11.22.63 by Stephen King

11.22.63 is a novel about a man going back in time to try to prevent the assassination of a president, in the hope that it will alter the future of America (and the world) for the better. I finished reading it the day Donald Trump was elected, which put a rather different slant on the whole thing. I can't help wondering if in 50 years' time someone will be writing a similar book in which the protagonist tries to cause, rather than prevent, a president's murder.

Image result for 11.22.63 bookAnyway. 11.22.63 is Stephen King's story of Jake Epping, who is shown a portal from the present day into 1958 by Al, the owner of his local diner. Al has discovered that he can stay in the past for as long as he likes, but that only two minutes will have passed in the present when returns - and that each he does return, the past 'resets' itself and his previous actions are undone. Al, now terminally ill with lung cancer, has devoted years of his life to studying the assassination of John F Kennedy and the life of Lee Harvey Oswald, in the desperate hope that he might be able to prevent it. When he realises he's close to death, he passes his secret to Jake and asks him to make one last attempt to keep JFK alive.

11.22.63 has a lot of features you might recognise from Stephen King's other work. The narrator, Jake Epping, is technically a schoolteacher but like many of King's characters is also a writer. Nostalgia and vintage Americana are a huge part of this novel, and King also continues to be fascinated with the particular character of places and their influence on their inhabitants. Derry, the former industrial town stalked by Pennywise the Clown in It, makes an appearance, along with a few of the characters from that novel, and Jodie, Texas, where Jake makes his home for part of his stay in the past, is the sort of perfect, archetypal American small town that no longer exists (Bill Bryson, in his book The Lost Continent, talks of his search for such a town, which he christens Amalgam, on his travels through the US). However, because the novel's plot requires Epping to prevent Kennedy's assassination, the real-life towns of Dallas and Fort Worth also make an appearance, neither of which, it has to be said, come out of the story particularly well. Dallas, King feels, is subject to the same dark undercurrent of evil as the fictional Derry, inhabited by inexplicably suspicious, unfriendly people and plagued by violent crime.

While 11.22.63 is a long way from being a horror novel, it is often dark, and there is an odd sense of menace that hangs over things, even when Jake is living in his beloved Jodie and has fallen in love with high school librarian Sadie Dunhill. When Jake meets the mysterious 'yellow card man', a vagrant who accosts him on each of his visits to the past, it's clear that there is some supernatural significance to his presence.

However, I think it's this element of the book that's the least successful. The mystery of the 'yellow card man' and the 'harmonising' of the past, which means Jake frequently experiences mirroring or coincidences throughout his time there, feels like an afterthought. I don't think it's necessary, and although it lends a sinister edge at times, it's resolved fairly hastily and anticlimactically towards the end of the book. The last few chapters of the book are quite predictable - at least, they are if you've read fair few time-travel stories before.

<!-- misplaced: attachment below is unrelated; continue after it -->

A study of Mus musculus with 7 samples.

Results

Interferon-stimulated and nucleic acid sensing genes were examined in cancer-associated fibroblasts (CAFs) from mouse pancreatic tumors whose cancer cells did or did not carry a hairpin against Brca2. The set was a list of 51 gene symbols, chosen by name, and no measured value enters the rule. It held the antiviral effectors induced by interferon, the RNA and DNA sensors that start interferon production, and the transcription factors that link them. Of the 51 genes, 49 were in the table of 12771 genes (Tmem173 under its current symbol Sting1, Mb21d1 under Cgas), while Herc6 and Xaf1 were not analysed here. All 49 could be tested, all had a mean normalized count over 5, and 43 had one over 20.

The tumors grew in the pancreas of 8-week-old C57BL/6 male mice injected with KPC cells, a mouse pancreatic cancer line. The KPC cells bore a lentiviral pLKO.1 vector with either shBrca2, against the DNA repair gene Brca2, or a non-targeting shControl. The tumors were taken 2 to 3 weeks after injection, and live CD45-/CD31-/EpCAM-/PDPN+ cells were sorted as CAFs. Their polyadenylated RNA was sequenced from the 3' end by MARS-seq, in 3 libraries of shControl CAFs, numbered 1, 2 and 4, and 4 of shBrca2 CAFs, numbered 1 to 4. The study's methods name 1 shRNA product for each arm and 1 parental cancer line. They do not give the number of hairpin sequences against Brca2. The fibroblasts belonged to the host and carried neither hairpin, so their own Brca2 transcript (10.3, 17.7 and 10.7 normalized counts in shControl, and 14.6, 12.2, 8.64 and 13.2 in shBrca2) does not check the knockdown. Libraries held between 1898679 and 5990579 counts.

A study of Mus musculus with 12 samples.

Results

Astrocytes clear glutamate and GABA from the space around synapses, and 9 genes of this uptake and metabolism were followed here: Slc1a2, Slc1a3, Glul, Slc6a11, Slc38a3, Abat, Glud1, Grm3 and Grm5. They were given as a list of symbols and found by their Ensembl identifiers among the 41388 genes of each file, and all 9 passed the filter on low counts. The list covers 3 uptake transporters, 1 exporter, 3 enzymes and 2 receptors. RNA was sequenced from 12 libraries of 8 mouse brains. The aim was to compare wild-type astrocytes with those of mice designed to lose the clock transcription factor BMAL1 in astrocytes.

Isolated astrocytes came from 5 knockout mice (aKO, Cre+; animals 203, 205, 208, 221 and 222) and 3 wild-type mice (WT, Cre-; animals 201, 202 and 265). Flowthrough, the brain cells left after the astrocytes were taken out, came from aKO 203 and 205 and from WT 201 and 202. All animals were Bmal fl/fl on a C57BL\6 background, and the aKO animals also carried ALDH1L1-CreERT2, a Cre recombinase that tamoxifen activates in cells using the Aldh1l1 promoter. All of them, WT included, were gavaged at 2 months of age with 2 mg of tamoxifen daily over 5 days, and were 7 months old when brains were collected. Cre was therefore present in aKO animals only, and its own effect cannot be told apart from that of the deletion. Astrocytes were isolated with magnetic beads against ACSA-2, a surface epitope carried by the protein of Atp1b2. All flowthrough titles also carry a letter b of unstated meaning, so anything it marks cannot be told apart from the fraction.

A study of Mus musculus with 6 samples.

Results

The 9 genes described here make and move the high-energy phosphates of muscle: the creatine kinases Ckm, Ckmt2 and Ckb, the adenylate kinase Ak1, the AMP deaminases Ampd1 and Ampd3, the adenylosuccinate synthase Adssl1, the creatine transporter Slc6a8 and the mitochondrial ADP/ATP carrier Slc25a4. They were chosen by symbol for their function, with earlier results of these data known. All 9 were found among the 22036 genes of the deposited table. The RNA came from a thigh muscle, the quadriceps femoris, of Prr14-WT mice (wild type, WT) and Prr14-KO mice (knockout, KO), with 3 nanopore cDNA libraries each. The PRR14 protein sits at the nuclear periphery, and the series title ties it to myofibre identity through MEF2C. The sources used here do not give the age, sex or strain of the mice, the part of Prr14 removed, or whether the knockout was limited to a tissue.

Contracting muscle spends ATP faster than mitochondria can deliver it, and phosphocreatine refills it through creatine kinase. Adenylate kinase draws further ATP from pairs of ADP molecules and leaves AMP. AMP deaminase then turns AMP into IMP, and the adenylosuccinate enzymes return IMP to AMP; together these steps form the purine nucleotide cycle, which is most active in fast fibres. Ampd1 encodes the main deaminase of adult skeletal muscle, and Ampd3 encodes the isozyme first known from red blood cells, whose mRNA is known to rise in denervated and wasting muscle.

There's no denying that this is a very long novel at close to 750 pages. Does it really need to be that long? Probably not: I personally really enjoyed the lengthy digressions, the numerous subplots and the seemingly endless detail, as for me they made the setting and the era feel so real (King's evocation of America in the late 50s and early 60s is extremely skillful and one of the book's biggest pleasures) but I do think King could have told this story in a novel two-thirds this size. Bear in mind that when Jake enters the past, it's always in 1958. At this point Lee Harvey Oswald wasn't even living in the US, let alone Texas, so there's a whole lot of other material to get through before the actual assassination storyline really kicks in - most of the book, in fact, is not really about the Kennedy assassination at all. Even when Oswald does return from his sojourn in Russia Jake has to spend many months effectively stalking him to establish that the conspiracy theories aren't true and that Oswald really was/will be the one to shoot Kennedy on the fateful day. Again, I had no problem with any of this and enjoyed every page - but I know some people will, and not unreasonably.

If you like your thrillers short and snappy, then, this might not be for you, but it is a deeply immersive and impeccably-researched novel, with well-drawn characters (Oswald and his wife Marina, in fact, are among the most vividly portrayed).

A big thank you to my lovely mother-in-law who read this book before I did, correctly guessed I would like it, and bought it for me for my birthday back in February. Sorry it's taken me so long to find the right time to get stuck into it!